To put it simply, cloud computing is storing and accessing data and programs on a variety of Internet-based computing services instead of a PC’s hard drive. The term “cloud” is a mere metaphor for the Internet. The computing happens in a large datacenter outside your organization and you see the results of it on your own screen.
What cloud computing isn’t about is the hard drive. Storing data or running data from the hard drive is called local storage and computing—everything you need is physically within reach, which makes the access of data fast and easy for one PC or others connected to a local network. This is how the computer industry has functioned for decades.
Cloud computing also means not having NAS or a network attached storage hardware or a resident server. Cloud computing is accessing data and programs over the Internet, or at the very least, have that data in sync with information over the Web.
Of course, we’re talking about cloud computing in terms of individual Internet users who regularly access Internet from home or as part of a small-to-medium office. Cloud computing is a different beast for businesses. Some businesses opt to implement SaaS or Software-as-a-Service, where a business subscribes to an application accessed over the Internet. PaaS or Platform-as-a-Service is where a business can come up with its own custom applications for use by everyone in the company. Lastly, there’s IaaS or Infrastructure-as-a-Service where big names like Amazon, Microsoft, and Google provide a backbone that can be rented out by other companies.
This goes without saying that cloud computing is a big business. In 2012, the market was generating $100 billion and it could increase by $270 billion in 2020.
Here at transcosmos, we make it a point to maximize the best resources available to increase productivity. Taking one’s business to the cloud promises rapid service deployment, augmented storage capacity, and efficiency that exceeds expectations.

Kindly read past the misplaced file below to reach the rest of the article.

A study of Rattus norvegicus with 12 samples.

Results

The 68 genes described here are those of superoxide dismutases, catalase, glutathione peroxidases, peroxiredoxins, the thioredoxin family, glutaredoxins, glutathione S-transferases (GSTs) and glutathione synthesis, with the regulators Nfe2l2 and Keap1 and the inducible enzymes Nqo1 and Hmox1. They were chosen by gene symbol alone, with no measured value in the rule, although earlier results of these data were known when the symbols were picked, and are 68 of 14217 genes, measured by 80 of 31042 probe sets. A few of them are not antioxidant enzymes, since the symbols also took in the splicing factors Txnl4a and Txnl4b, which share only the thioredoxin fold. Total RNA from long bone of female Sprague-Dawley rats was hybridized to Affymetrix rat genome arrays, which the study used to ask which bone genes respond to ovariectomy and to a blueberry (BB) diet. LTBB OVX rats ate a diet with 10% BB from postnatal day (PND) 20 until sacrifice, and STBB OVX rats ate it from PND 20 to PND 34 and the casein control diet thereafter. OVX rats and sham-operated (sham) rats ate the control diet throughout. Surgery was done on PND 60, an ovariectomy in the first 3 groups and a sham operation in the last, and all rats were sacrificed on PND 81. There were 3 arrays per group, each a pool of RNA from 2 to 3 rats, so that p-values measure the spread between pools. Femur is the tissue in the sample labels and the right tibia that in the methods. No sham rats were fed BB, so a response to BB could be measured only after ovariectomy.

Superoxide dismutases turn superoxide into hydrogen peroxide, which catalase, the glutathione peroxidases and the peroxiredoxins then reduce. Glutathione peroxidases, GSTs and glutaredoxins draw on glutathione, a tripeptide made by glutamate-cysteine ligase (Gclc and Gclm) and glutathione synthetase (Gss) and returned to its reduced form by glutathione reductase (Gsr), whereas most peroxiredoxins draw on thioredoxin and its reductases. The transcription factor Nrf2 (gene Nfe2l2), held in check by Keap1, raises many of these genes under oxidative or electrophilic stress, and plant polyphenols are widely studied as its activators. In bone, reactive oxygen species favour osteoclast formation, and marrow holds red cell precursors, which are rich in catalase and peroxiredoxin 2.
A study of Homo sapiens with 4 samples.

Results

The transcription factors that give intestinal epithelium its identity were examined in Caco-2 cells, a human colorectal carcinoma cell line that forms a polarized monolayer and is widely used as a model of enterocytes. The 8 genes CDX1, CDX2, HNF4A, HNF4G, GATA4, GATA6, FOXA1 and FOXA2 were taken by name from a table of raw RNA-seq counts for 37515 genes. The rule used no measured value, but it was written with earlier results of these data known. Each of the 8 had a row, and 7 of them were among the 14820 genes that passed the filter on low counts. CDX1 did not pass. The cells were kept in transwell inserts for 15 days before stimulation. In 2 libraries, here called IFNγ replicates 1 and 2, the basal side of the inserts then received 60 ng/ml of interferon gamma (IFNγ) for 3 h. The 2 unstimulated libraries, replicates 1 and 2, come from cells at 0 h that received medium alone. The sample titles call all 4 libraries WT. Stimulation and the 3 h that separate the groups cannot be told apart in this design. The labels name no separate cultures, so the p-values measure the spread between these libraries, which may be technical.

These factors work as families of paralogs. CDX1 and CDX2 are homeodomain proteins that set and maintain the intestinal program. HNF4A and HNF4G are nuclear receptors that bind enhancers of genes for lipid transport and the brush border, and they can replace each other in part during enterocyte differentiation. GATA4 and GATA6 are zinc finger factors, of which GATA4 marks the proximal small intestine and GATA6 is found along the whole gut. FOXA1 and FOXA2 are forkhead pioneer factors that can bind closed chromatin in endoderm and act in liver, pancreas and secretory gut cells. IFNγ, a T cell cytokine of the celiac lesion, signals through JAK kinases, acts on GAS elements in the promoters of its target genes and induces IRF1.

We list down 5 benefits of cloud computing.
1. Reduced Hardware Needs
Moving business-critical applications into the cloud will lessen PC upgrades and employees will make do with not so high-end PCs. This is all thanks to the fact that computing isn’t done via a computer. One will be surprised that a cloud-computing infrastructure demands a smaller staff than a traditional IT setup since your business will not be managing the software anymore.
2. An agile business
Cloud computing gives an enterprise that competitive edge. Getting its resources computed when needed shortens IT projects resulting in less FTEs or full-time equivalent to deliver a project and a predictive time-to-market. A fast and quality delivery of results that costs cheaper makes a business nimble on her feet.
3. Flexibility to venture into new businesses
Time and money—the lack or limited amount thereof holds back a business’ pursuit of new ventures. With the availability of on-demand cloud resources, the design and testing of a new product line is made efficient. New configurations can be retrieved in a matter of minutes or hours, reducing time the time element involved. This faster process costs less as users are only charged for that amount of time they use the cloud. This also encourages innovations that spring from limitless experimentations. On-demand cloud resources provide a conducive way to try out new ideas, making a shift in business focus less risky
4. Smooth-sailing mergers and acquisitions
One of the more critical risks of mergers is that it takes months or years to bring data and records from one system to another. Worst case scenario? It never happens. Some government agencies experience a similar problem when efforts are made to consolidate agencies or departments. Some agencies end up having workers manually code information from one system to another, which is tedious work. With cloud, transitions are made easier and faster. Conjoined businesses can reap the ready and rapid access of cloud-based systems.
Cloud computing requires less infrastructures and in-office IT equipment. It also requires less electricity compared to thousands of office-grade computers. Large cloud-computing providers can maximize data centers for energy efficiency.